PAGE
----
Facial Trauma

 

Dr. Chun is a well-trained dual degree oral and maxillofacial surgeon with extra cosmetic surgical training. He is skilled and uniquely qualified to manage and treat facial trauma, also known as Maxillofacial trauma. He is also on staff at local hospitals and provides emergency room trauma coverage for facial injuries.

Injuries to the face, by their very nature, create a high degree of emotional, as well as physical trauma to patients. The science and art of treating this facial trauma requires special training, involving a “hands on” experience as well as an understanding of how the treatment provided will influence the patient’s long-term function and appearance.

The injuries Dr. Chun treats include:

  • Intraoral lacerations
  • Avulsed (knocked out) teeth
  • Fractured facial bones (cheek, nose or eye socket)
  • Fractured jaws (upper and lower jaw)

What causes Oral and Maxillofacial Trauma?

There are a number of possible causes of facial trauma, such as:

  • Motor vehicle accidents
  • Accidental falls
  • Sports injuries
  • Interpersonal violence, and work-related injuries.

What types of facial trauma are there?

Types of facial injuries can range from injuries of teeth to extremely severe injuries of the skin and bones of the face.

Typically, facial injuries are classified into one of the following groups:

  1. Soft tissue injuries (skin and gums)
  2. Bone injuries (fractures)
  3. Injuries to special regions (such as the eyes, facial nerves or the salivary glands)

For more information, check out this Cleveland Clinic article about the types of facial trauma.  

1. Soft Tissue Injuries in the Maxillofacial Region

When soft tissue injuries, such as lacerations, occur on the face, we can repair them through suturing. Dr. Chun aims to perform the repair that yields the best cosmetic result possible. He also takes care to inspect for and treat injuries to structures such as facial nerves, salivary glands, and salivary ducts (or outflow channels).

Visit this dentalcare.com article for more information about soft tissue trauma. 

2. Bone Injuries in the Maxillofacial Region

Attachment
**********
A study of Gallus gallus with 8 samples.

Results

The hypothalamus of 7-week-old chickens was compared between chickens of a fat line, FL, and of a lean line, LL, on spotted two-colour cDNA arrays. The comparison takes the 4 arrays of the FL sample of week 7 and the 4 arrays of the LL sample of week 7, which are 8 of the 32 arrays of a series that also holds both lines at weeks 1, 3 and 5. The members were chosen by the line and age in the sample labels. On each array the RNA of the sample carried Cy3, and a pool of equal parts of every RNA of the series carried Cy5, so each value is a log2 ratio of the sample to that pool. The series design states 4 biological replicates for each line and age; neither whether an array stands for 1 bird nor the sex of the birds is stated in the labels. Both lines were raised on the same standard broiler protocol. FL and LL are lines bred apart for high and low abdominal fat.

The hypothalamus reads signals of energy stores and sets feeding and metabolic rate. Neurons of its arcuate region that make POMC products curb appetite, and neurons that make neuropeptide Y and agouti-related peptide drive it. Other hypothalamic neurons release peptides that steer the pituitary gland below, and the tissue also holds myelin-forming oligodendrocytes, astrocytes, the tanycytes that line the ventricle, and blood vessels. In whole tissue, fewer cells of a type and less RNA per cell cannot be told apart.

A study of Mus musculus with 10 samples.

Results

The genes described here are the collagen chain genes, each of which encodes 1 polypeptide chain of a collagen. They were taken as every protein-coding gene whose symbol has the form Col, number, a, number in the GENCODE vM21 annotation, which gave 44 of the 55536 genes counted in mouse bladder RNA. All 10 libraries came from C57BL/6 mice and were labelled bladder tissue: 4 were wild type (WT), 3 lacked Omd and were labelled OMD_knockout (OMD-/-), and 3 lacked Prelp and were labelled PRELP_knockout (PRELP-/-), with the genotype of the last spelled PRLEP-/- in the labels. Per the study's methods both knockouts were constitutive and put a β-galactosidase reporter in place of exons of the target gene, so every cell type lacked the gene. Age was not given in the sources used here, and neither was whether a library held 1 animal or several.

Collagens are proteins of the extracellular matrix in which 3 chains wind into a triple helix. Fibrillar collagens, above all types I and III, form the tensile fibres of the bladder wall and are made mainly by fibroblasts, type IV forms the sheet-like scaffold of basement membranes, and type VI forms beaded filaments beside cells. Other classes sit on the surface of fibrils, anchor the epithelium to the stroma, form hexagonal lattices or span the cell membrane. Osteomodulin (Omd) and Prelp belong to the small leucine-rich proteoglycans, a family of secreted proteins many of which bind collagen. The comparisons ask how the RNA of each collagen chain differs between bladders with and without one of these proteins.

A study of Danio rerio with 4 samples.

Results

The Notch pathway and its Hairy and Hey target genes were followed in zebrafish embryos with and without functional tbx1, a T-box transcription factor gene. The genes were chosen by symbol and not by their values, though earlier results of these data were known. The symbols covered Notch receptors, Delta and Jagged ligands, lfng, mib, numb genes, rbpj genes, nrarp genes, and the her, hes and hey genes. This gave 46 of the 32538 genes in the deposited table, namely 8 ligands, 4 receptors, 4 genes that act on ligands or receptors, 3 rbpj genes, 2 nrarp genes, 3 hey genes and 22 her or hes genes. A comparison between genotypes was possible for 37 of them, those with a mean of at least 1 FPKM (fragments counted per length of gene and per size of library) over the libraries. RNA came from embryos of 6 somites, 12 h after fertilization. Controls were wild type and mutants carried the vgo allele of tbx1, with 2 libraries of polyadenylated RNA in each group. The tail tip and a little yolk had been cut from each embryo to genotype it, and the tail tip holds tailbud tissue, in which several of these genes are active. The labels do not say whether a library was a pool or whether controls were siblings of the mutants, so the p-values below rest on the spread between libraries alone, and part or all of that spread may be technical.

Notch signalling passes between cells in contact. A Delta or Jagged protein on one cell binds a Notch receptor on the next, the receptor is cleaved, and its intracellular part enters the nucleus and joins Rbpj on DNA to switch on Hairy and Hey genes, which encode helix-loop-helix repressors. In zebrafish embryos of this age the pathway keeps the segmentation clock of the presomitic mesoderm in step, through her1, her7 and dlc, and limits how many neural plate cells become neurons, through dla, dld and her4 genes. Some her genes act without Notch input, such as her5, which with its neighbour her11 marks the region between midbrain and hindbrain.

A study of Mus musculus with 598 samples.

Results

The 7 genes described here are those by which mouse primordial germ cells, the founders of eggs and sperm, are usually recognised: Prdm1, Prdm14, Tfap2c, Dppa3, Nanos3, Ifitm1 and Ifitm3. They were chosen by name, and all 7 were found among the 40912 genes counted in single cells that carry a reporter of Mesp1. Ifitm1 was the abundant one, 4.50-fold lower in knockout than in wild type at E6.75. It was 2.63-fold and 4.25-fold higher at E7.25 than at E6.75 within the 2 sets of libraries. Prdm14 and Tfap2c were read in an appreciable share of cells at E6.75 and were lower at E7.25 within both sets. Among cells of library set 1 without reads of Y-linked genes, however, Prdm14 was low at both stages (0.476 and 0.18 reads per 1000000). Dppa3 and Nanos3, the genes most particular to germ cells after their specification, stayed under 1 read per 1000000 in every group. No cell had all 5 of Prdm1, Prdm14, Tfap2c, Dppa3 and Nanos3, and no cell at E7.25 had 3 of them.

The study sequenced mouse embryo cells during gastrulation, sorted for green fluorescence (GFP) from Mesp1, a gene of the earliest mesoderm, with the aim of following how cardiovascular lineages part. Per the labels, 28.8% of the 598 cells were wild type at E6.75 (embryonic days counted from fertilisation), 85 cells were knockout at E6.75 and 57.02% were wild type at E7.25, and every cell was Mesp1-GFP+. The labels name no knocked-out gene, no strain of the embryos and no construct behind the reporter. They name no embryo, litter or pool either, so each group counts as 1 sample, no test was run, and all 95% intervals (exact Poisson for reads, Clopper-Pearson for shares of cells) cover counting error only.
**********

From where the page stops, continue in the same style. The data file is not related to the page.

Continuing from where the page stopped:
Various factors determine the specific form of treatment for bone fractures, including:

  • Location of the fracture
  • Severity of the fracture
  • Age and general health of the patient

We treat facial bone fractures in a similar manner to the fractures in other parts of the body. However, when you fracture an arm or a leg, you often receive a cast to stabilize the bone to allow for proper healing. Although we cannot place a cast on the face, we use other means to stabilize facial fractures, allowing them to heal.

  1. Wiring the jaws together for certain fractures of the upper and/or lower jaw.
  2. “Rigid Fixation”
    • This method involves the surgical placement of small plates and screws into the bones at the involved site.
    • Certain types of fractures of the jaw are best treated and stabilized by this method.
    • This treatment technique often promotes rapid healing and also sometimes obviates the necessity of having the jaws wired together for a long duration.
    • The development and use of rigid fixation has profoundly improved the recovery period for many patients, allowing them to return to normal function more quickly.

The treatment of facial fractures is accomplished in a thorough and also predictable manner. The patient’s facial appearance should be minimally affected by using techniques to access the facial bones through cosmetically placed skin and/or oral mucosal incisions. Furthermore, the fewest and smallest incisions are made, which will allow adequate surgical exposure to complete the fracture reduction.

3. Injuries to the Teeth and Surrounding Dental Structures

Isolated injuries to teeth are quite common and may also require the expertise of various dental specialists. Oral surgeons are usually involved in treating fractures in the supporting bone or in replanting teeth that have been displaced or knocked out. These types of injuries are treated by one of a number of forms of splinting. Splinting is stabilizing by wiring or bonding teeth together.

If you knock out or lose a tooth:

  1. Place the tooth in a pH balanced salt water or rinse the root gently with saline water place it back into the socket, or place the tooth into a glass of milk
    • However, never attempt to wipe or scrub the tooth off. Remnants of the ligament holding the tooth in the jaw are attached and vital to the success of replanting the tooth.
  2.  Time is of the essence, so the sooner we can re-insert the tooth into the dental socket, usually less than 30-45 minutes, the better chance it will survive.
  3. Therefore,  see a dentist or oral surgeon as soon as physically possible.

To learn more about what to do when you’ve lost a tooth, visit the American Association of Endodontics webpage on the topic. 

We may call on other dental specialists for injuries to special regions of the mouth:

  1. Endodontists (root canal specialists),
    • Root canal therapy
  2. Prosthodontist or restorative general dentists
    • To repair or rebuild fractured teeth.
    • In the event that injured teeth cannot be saved or repaired, dental implants are often now utilized as replacements for missing teeth.

The proper treatment of facial injuries is now in the realm of the oral and maxillofacial surgeons, such as Dr. Chun. He trained in emergency care, acute treatment, long-term reconstruction, and patient rehabilitation for both oral as well as facial injuries.